Richard Phillips knows what you're thinking.
He knows you're finding it hard to believe that his giant paintings of tabloid celebrity Lindsay Lohan, Victoria's Secret model Adriana Lima and former porn star Sasha Grey can actually be considered Art with a capital "A."
And by "you," we're not just talking about the usual hostile "my kid could do that" crowd. Serious art connoisseurs have a vested interest in keeping stuff like this out of galleries and museums. It doesn't fit with their image of themselves as soldiers in the noble war against vulgarity and dumbed-down mainstream culture.
But Phillips also remembers how badly many of his predecessors, now comfortably enshrined in museums around the world, were treated when they first unveiled their avant-garde creations. Do you think everyone cheered when Marcel Duchamp first dragged a urinal into a gallery and called it art? "When we had the classic period of avant-garde art, which dealt with Dada and art's negation, [the first response] was to say, 'Hey, this isn't art.' And of course it isn't, because it isn't the art that we know and are comfortable with. It isn't the art that is maintaining the jobs of the people that are hired by the institutions to keep their jobs."
I talked to Phillips on the phone today, the morning after his latest show, "First Point," opened at the Gagosian Gallery in Chelsea. A huge crowd, heavy on celebrities, art stars and Fashion Week refugees, jammed in to gawk at Phillips' 11-foot-tall paintings of the aforementioned women, each notorious in her own way. The portraits of Lima were based on photographs Phillips shot for Visionaire magazine, and the paintings of Lohan and Grey were based on stills from three videos he made with the actresses, which were shown in two screening rooms at the gallery. Phillips didn't choose the stills themselves -- they were selected by editors around the world, who pulled screen shots to illustrate their coverage of the videos when they were first released earlier this year.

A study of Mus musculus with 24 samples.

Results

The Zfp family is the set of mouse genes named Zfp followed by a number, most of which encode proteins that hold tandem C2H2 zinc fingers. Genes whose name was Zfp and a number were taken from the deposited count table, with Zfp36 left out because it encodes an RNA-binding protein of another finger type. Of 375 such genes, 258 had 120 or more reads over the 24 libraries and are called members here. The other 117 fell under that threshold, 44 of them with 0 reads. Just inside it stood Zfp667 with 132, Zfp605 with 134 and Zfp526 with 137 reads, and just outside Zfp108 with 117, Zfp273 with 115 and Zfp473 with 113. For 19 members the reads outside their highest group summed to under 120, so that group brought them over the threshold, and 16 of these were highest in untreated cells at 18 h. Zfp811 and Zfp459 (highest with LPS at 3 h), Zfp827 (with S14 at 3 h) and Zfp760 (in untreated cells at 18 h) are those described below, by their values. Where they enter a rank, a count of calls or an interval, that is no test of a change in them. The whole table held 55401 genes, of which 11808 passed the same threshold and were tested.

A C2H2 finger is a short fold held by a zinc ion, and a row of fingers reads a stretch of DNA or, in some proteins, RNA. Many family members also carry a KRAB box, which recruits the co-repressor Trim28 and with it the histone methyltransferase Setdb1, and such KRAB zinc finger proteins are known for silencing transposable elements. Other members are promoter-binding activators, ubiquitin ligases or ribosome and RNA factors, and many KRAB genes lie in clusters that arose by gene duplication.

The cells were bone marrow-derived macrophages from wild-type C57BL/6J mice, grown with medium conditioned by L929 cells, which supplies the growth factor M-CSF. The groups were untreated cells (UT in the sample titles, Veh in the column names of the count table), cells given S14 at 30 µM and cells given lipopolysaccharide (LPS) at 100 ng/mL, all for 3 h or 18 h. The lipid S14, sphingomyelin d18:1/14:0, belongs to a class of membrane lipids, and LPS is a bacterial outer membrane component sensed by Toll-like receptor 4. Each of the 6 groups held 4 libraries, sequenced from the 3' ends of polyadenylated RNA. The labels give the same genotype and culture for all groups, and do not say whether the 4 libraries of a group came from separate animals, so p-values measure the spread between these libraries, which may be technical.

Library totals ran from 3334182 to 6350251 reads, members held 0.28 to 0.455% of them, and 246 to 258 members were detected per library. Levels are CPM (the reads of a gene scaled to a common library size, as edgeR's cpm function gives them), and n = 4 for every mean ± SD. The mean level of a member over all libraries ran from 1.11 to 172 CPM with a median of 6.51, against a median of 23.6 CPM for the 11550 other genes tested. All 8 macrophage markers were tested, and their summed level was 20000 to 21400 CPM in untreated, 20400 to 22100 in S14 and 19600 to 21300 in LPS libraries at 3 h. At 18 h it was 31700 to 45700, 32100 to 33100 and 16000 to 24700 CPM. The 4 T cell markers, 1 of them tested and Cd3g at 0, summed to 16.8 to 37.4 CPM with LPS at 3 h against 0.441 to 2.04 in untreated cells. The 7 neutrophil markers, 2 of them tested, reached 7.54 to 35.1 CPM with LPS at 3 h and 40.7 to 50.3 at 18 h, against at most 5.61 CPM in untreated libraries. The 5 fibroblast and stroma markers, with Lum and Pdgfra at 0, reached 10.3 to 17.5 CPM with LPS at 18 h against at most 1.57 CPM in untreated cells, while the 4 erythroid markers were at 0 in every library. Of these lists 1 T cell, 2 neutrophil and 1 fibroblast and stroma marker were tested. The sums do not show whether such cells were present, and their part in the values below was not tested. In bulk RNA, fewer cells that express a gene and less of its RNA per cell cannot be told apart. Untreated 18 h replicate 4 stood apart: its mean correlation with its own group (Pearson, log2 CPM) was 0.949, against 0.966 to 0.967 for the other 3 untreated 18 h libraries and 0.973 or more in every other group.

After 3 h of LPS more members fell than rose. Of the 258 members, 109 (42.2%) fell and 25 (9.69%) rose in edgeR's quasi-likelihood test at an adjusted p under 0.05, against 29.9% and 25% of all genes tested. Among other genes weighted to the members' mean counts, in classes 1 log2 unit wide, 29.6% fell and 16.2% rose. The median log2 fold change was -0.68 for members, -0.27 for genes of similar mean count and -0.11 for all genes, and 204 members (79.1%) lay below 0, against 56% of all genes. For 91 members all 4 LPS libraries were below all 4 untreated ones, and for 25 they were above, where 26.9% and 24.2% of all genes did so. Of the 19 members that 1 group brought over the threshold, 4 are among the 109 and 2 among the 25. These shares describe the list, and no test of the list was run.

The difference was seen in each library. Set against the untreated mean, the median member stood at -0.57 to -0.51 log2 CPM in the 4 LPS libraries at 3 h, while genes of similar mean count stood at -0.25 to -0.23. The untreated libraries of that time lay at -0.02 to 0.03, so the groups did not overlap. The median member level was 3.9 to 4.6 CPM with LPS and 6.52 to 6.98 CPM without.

The decision to let the Internet, as it were, choose the stills is the first sign that we're dealing with something other than the usual tabloid image-mongering that consumes so much of online culture. "I was responding to what were the most often-used images," Phillips says. "So in a way I was responding to all the different people who were looking at the films online, and there were literally millions of people. And certain images were the ones that tended to resonate."
Another sign is the physicality of the paintings themselves. They're not blow-ups. They're not projections. Phillips actually put brush to canvas. "Those images then transform out of their digital state, in the sense that they're part of the rush of daily images that pass across our devices and screens and so forth," says Phillips. "The painting reintroduces the idea of the significance of our own corporal state, of being a physical person."
As someone with a hand in the celebrity news business, I was fascinated by the way Phillips had smuggled objects of beauty out of that world -- generally considered off-limits in the sphere of fine arts -- and into the gallery. The seriousness with which he treats Lohan, Lima and Grey prompts a series of uncomfortable questions: Why do I know who these women are? Why do so many of us care so much about them? What is it that makes millions of people love them, and millions of others hate them? If I do find them beautiful, why does that also make me feel guilty?
And then there's the question the show addresses most directly: What must it be like to be them? To be that notorious?
"Each of the individuals that I collaborated with are known for image production on an extremely high level throughout the world," Phillips says, adding that, in his work, their iconic status is "being used not just to comment about the power of beauty or whatever but it's actually being used to explore different psychological states -- transformative moments in the actors' lives themselves, or the models' relationship to culture."
Which brings us to one final objective of Phillips' work here. In an era of dwindling attention spans and ever-proliferating distractions, he wants to give you a reason to pay attention. "I was approached by a lot of people who saw the videos and said, 'You know, I really am so bored and don't like video art at all, but I loved your film.' And I honestly take the same perspective as them. I mean, a lot of video art that's made takes for granted what people are willing to put up with and see." Like any good studio chief, Phillips knows that star power attracts eyeballs.
You can call it a sad commentary on the way we live now, but is that on him or on us? If Phillips is holding up a mirror to our environment and all we want to do is smash it, whose fault, really, is that?